Cowboy, gold miner, hunter, soldier, novelist, historian, playwright, manager of the Welsh National Drama Company and Welsh Nationalist, Lt. Colonel Arthur Owen Vaughan, DSO, OBE, DCM ‘Owen Roscomyl’ was all of these in his eventful life. Bryn Owen tells the story of this remarkable Welshman, and, especially, how he raised, almost single-handed, the Regiment of the Welsh Horse Yeomanry at the beginning of the First World War, overcoming both the antipathy of Kitchener and the concerted Establishment opposition.
Owen Roscomyl possessed not only tremendous physical courage and resourcefulness but also a keen intellect, artistic sensibility and political awareness. His outspoken views on Welsh Nationalism antagonised the powerful Establishment figures in South Wales and the scandal of his subsequent treatment and the betrayal of the Welsh Horse is told here for the first time.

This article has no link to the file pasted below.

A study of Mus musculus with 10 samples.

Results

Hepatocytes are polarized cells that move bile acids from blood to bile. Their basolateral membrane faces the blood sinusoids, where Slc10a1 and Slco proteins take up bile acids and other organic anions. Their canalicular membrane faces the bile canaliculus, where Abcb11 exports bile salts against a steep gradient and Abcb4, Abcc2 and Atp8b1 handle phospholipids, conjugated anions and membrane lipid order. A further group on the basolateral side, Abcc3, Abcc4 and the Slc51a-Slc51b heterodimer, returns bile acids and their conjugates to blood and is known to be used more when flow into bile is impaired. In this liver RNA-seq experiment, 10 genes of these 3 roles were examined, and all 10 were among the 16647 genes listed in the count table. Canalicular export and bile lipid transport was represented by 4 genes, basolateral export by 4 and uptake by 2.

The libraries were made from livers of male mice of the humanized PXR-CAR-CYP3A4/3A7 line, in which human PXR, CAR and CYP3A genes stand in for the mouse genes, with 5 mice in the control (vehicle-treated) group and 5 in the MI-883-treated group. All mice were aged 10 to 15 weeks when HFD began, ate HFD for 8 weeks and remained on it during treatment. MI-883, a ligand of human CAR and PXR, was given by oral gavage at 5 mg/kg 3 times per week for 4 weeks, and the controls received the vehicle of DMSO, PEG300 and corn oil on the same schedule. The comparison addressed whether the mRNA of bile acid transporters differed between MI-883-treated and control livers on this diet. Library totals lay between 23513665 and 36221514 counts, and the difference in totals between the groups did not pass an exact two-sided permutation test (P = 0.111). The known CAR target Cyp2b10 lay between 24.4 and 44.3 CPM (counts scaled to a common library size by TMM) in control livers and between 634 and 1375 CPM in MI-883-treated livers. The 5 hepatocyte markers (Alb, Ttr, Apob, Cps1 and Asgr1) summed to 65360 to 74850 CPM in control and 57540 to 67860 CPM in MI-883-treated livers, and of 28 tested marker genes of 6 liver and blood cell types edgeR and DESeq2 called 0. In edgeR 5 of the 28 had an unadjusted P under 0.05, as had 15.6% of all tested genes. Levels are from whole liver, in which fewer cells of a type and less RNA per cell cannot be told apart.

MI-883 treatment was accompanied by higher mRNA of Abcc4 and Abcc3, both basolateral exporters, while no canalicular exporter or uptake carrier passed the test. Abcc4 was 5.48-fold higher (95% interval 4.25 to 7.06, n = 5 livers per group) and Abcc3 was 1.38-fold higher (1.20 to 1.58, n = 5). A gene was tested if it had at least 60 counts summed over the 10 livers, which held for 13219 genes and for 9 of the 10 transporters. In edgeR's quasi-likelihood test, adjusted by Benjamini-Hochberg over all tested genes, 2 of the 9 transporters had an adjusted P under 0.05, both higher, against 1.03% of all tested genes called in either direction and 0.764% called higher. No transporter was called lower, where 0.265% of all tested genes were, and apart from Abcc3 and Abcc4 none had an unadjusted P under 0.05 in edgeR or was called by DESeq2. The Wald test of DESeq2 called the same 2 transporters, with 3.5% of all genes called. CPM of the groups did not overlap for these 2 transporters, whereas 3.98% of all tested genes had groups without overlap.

Political intrigue, largely motivated by Rosomyl’s Nationalist views and unorthodox background, dominated events. The status of the regiment was changed, Roscomyl denied command and the men parted from their horses. The Regiment of the Welsh Horse Guards, envisaged by Roscomyl, ws reduced to an infantry role.
Nonetheless, imbued with the fighting spiriting of their founder, the Welsh Horse went on to glorious deeds, particularly at Gallipoli where men of the regiment maintained a rearguard action during the evacuation of the Peninsula and were amongst the last to leave.
Meanwhile, Owen Roscomyl, the proud cavalryman, was posted to the 21str Division Cyclists. He died in 1919 having served throughout the War. He left a widow, the Boer girl, Catherine Lois de Geere, whom he married in a Drum Head ceremony on the banks of the Vaal River. She bore him several children and lived near Cardiff until her death in 1927.